Spotify is taking a big risk using a direct public offering

Thomson Reuters

  • Spotify’s planned direct public offering comes with a notable risk, according to an expert on large-cap privately traded companies.
  • Spotify can manage that risk by making an agreement with investors for a share lock-up period.

Spotify’s planned direct public offering could backfire for its investors.

The benefit of using a direct public offering, in which the company takes its shares directly to market rather than using an investment bank to set a price as in a traditional initial public offering, is that a company can get its shares to the market quickly, and pay less in fees in the process. In a traditional IPO, the issuing company hires an investment bank to market their shares, and ultimately raise capital for the company.

Spotify is skipping those steps, in part because it’s not looking to raise capital. Instead, its shareholders are looking to sell their existing shares. But that strategy also has its risks, as it’s not clear how much Spotify’s shares are going to be worth.

The risk “lies in the unknown,” according to Rohit Kulkarni, head of private investment research at Sharespost, a platform that connects buyers and sellers of privately traded shares. Kulkarni said that the uncertainty about how Spotify should be valued and how the shares will trade may very well “translate into a greater discount to the shares.”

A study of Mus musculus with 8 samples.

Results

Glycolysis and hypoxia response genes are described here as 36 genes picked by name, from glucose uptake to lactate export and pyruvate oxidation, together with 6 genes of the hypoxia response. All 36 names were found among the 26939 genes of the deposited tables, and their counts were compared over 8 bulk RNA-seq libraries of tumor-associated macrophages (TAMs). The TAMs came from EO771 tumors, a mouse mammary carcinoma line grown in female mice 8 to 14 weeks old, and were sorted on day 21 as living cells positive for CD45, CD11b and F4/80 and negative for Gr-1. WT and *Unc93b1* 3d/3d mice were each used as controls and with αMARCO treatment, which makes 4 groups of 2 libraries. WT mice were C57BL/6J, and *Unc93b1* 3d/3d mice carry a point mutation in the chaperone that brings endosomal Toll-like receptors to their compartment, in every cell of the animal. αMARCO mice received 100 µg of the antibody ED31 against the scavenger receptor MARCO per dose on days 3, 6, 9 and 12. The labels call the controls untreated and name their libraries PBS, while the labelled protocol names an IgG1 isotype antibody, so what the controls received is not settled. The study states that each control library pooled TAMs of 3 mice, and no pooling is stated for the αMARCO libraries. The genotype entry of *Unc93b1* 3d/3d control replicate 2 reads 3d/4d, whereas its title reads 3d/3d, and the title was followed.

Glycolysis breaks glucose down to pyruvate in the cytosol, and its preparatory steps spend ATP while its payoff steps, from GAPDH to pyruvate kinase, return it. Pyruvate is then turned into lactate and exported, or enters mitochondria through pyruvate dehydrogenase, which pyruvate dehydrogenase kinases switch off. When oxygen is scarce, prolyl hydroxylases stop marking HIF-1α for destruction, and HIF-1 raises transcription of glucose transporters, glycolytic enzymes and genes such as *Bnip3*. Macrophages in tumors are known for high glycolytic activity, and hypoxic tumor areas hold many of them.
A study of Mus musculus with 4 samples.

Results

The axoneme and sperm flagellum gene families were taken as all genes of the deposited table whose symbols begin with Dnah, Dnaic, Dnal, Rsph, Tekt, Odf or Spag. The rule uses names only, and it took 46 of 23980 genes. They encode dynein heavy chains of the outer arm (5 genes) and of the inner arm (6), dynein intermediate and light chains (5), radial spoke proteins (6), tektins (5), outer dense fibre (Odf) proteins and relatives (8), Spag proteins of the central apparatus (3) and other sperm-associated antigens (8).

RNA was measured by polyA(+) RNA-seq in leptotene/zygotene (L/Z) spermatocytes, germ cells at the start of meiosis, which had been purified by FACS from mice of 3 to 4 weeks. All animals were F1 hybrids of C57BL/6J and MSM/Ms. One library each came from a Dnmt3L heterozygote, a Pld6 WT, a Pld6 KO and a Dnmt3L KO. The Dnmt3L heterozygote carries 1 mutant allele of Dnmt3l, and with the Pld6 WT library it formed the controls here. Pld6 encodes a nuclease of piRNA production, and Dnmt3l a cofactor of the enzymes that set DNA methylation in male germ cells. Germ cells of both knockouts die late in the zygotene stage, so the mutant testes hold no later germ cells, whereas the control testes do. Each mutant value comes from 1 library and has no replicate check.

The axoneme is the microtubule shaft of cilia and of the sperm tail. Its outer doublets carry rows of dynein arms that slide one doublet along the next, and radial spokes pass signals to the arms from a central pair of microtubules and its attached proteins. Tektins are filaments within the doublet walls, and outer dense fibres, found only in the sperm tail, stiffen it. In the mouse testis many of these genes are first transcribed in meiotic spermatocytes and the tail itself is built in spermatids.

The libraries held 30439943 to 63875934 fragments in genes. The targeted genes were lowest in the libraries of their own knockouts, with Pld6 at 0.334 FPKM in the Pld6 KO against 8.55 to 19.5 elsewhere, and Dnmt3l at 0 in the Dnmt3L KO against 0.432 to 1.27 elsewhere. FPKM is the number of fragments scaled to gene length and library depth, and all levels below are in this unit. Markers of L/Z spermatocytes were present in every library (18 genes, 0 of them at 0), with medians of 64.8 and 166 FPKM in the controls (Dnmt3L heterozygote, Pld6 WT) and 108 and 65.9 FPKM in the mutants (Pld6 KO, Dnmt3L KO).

But there are ways to reduce that risk, according to Kulkarni.

“If the company is able to approach existing investors and negotiate share lock-ups, that would be one way for the company to mitigate volatility in the first few months,” Kulkarni said.

In that scenario, some investors would not be able to sell an agreed-upon number of shares for an agreed-upon amount of time, which would effectively restrict the supply of shares on the market.

And according to the WSJ, the company is expected to use private market trading to guide investors towards a public market stock price. Spotify’s latest valuation in December was at $19 billion. That could help give take some of the “unknown” from the valuation process.

Still, “if investors believe there is volatility, they tend to discount the value of the shares,” Kulkarni said.